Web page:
Love The Glove

It's pretty easy to hate on gloves. They're certainly annoying to put on and wear. Yet, much of what we do in medicine is difficult yet worth it, if what we do is effective. Now if we really could get hand hygiene compliance beyond 90%, I think a narrow focus on hand rub utilization would be OK. But, irrespective of what facilities are reporting, when you really look, their compliance is closer to 50% (if they're lucky). That's why I continue to (a) encourage investment in hand hygiene research and (b) recommend glove use in our infection control bundles.

In a recent JAMA Pediatrics, David Kauffman and colleagues reported the results of a single-center RCT comparing mandatory glove use before all patient and IV catheter contacts vs hand hygiene alone. The study took place in the NICU during 2008-2011 and was funded by University of Virginia and Cardinal Health Foundation. The 120 enrolled infants (60 in each arm) needed to weigh less than 1000 g and/or have a gestational age less than 29 weeks and age less than 8 days old. The primary outcomes were infection in the bloodstream, urinary tract, or cerebrospinal fluid or necrotizing enterocolitis.  Randomization was fairly effective; however, the glove use arm neonates were more likely to have a central line, require mechanical ventilation and receive TPN.

Their were several significant difference between the outcomes in the two groups. Neonates in the glove-use arm had lower rates of late-onset invasive infection or necrotizing enterocolitis (32% vs 45%, p=0.13), fewer Gram-positive BSIs (15% vs 32%, p=0.03) and fewer CLABSI (3.4 vs 9.4/1000 catheter days, p=0.01).  Frankly, with such a small study, I'm surprised they found any significant differences. What would I recommend after reading this study? I would recommend (a) NIH/AHRQ/PCORI fund a follow-up multicenter study to validate these findings and (b) in the meantime, wear gloves when caring for pediatric patients based on this study and our earlier study in Pediatrics.


  1. I agree that gloves are a good thing. I agree that the research shows that gloves have been shown to be as effective as Contact Precautions for the prevention of colonization and acquisition of some types of drug resistant bacteria. (Trick, et al., 2004; Bearman et al., 2007). But with the exception of Dr Bill Trick/Dr. Bob Weinstein's studies, most studies have been done in intensive care units where the patient load is probably at maximum 1-3 patients. (I’m now copying part of my prior blog entry about gloves) What about my area where people have to meet the needs of 12-30 people on an average shift?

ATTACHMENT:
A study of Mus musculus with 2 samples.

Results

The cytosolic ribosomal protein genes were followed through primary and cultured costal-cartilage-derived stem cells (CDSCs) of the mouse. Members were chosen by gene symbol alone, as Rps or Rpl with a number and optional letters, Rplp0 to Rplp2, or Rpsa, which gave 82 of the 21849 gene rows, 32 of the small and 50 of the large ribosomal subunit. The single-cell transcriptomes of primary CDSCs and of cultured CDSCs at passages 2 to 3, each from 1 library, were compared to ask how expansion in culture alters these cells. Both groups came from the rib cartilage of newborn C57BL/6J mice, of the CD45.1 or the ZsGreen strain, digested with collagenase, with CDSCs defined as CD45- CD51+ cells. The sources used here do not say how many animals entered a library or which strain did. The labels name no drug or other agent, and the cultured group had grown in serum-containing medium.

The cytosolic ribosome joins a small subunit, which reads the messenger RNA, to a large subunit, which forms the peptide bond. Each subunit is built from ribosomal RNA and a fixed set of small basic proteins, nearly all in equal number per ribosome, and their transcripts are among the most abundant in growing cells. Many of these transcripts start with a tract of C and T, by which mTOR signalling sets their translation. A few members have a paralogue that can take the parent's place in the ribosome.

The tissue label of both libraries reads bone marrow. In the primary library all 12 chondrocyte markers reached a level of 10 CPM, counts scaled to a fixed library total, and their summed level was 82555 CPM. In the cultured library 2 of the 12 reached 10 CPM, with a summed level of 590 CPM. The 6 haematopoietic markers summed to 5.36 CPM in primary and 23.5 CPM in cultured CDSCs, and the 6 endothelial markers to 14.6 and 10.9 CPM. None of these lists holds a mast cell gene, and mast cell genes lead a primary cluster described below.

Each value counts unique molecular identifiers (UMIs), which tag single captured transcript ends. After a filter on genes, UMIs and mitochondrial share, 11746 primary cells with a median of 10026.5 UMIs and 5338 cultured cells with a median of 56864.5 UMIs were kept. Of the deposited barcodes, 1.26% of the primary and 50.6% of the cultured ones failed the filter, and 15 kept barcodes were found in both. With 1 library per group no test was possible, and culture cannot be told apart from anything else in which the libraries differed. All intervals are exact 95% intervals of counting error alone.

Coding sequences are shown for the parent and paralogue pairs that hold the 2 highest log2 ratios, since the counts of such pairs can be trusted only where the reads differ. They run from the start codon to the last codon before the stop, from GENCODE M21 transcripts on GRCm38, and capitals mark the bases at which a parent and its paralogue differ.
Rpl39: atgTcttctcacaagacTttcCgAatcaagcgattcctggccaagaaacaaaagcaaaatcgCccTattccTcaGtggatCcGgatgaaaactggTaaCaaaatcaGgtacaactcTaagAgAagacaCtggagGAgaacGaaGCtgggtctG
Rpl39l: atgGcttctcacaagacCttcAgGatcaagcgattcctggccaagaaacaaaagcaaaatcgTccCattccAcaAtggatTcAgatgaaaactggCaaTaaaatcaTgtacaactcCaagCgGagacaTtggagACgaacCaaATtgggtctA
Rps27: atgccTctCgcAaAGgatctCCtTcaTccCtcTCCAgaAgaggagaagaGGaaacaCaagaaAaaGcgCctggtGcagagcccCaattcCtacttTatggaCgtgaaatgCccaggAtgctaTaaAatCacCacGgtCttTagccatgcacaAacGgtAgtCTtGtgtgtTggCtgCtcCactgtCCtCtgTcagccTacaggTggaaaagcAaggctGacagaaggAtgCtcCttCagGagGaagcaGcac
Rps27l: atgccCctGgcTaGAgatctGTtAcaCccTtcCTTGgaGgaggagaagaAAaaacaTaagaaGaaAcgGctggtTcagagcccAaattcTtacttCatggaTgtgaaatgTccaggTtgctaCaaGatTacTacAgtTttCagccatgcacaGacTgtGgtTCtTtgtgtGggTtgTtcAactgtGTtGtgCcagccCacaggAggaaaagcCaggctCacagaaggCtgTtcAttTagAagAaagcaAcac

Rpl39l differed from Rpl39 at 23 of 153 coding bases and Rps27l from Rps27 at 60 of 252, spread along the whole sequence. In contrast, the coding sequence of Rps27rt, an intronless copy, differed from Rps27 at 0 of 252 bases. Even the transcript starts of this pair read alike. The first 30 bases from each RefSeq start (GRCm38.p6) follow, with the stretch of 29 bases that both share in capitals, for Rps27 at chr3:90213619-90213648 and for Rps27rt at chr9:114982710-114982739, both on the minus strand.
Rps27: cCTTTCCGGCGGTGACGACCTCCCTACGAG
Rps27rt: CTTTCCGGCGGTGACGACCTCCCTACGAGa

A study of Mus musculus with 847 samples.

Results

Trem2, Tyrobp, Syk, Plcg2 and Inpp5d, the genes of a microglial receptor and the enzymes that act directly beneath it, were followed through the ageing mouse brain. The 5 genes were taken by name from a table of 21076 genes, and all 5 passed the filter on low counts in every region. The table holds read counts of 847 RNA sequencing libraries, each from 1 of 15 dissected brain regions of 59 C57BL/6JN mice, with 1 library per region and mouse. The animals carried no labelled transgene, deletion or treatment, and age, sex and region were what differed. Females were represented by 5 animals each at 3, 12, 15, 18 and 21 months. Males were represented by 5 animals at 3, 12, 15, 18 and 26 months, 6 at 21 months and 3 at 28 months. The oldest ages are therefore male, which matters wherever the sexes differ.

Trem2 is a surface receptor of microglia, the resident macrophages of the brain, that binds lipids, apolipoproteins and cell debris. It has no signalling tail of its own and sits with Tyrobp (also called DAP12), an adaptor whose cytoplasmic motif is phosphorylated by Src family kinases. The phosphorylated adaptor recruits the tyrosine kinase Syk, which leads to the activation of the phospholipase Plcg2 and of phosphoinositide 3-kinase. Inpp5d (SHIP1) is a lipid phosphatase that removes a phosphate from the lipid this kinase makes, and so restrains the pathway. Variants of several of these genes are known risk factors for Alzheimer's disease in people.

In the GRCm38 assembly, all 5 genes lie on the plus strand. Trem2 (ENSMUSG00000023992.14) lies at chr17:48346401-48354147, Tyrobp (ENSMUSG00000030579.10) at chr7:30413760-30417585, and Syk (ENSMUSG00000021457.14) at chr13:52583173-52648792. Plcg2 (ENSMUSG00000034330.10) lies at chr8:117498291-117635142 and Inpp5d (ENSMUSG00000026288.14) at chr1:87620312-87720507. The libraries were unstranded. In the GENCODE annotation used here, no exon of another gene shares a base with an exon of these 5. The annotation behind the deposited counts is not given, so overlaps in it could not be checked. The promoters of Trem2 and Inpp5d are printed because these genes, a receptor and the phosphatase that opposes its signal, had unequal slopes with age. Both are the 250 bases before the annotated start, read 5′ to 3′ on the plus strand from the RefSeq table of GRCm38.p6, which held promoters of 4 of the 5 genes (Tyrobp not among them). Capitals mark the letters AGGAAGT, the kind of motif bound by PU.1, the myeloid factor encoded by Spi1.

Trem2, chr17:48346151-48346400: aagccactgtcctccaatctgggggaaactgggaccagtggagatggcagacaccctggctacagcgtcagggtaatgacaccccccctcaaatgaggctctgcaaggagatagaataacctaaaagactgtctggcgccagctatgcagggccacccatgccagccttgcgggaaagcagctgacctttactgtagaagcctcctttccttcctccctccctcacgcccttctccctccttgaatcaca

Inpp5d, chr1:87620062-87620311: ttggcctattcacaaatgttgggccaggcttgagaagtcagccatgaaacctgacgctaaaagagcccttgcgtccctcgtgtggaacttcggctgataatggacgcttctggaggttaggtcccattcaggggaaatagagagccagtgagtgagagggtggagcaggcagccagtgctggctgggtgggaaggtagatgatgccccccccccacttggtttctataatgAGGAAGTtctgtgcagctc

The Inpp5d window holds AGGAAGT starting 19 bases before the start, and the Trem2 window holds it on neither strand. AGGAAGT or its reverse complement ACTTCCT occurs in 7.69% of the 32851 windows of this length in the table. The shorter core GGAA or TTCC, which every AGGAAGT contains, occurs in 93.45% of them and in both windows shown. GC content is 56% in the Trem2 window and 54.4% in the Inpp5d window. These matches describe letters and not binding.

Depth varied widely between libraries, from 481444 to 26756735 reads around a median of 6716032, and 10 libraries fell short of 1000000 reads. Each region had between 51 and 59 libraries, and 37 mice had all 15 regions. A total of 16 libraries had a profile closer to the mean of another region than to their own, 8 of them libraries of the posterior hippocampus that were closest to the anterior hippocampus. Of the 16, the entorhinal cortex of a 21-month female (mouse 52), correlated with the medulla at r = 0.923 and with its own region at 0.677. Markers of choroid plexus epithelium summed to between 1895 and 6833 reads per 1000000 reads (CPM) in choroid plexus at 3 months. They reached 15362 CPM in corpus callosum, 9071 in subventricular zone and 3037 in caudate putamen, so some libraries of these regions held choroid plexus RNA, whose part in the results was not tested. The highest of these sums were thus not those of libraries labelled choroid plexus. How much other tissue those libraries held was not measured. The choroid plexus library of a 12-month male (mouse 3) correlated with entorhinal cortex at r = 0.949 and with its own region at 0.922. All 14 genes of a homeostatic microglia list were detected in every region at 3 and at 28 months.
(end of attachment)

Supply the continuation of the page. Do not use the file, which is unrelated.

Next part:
We throw up potential barriers by making it hard to even change gloves without performing what may be unnecessary hand hygiene in intra-sequence events during the sequence of patient care (Eveillard, 2011, Rock et al, 2013). I’m sure you have tried to get gloves on your hands when they are still wet from hand sanitizer. Darn nuisance, and not practical if you have a person that needs your hands on them this instant.
    Add to that that we are required by OSHA to pound it into healthcare personnel (HCP) heads that they need to wear gloves to protect themselves from pathogens in blood and body fluids, and it makes it counter-intuitive to remove or change gloves after contamination. Fits right into a very apropos psychological theoretical framework developed by Maddux, Rogers, and Bandura (another Iowa grad!)
    Protection Motivation Theory posits that when 1) something is perceived as noxious or a threat to self 2) when it is likely that the noxious, threatening event will happen, like exposure to blood and body fluids or drug resistant organsism 3) when there is an efficacious and readily available solution (gloves) that is easy to use (self-efficacy)- people will use them (Maddux & Rogers, 1983 plus Bandura, 1977, 1982). Most long term care facilities have a culture of almost universal glove use. I have a hard time getting them to take them off when they don’t need them, and this has been identified by the teams led by Girou, Loveday and Cookson, and Eveillard.
    The focus of most infection prevention activities is on hand hygiene, but what good is hand hygiene if a person has gloves on the entire time? Proper glove use has not even really been established, but IMHO, if we could get people just to change gloves when they have touched a contaminated surface or item, and clean hands when soiled and between patients a lot of the problems relating to HAI and environmental contamination would go away. I will now again get off my soapbox and go back to writing my dissertation.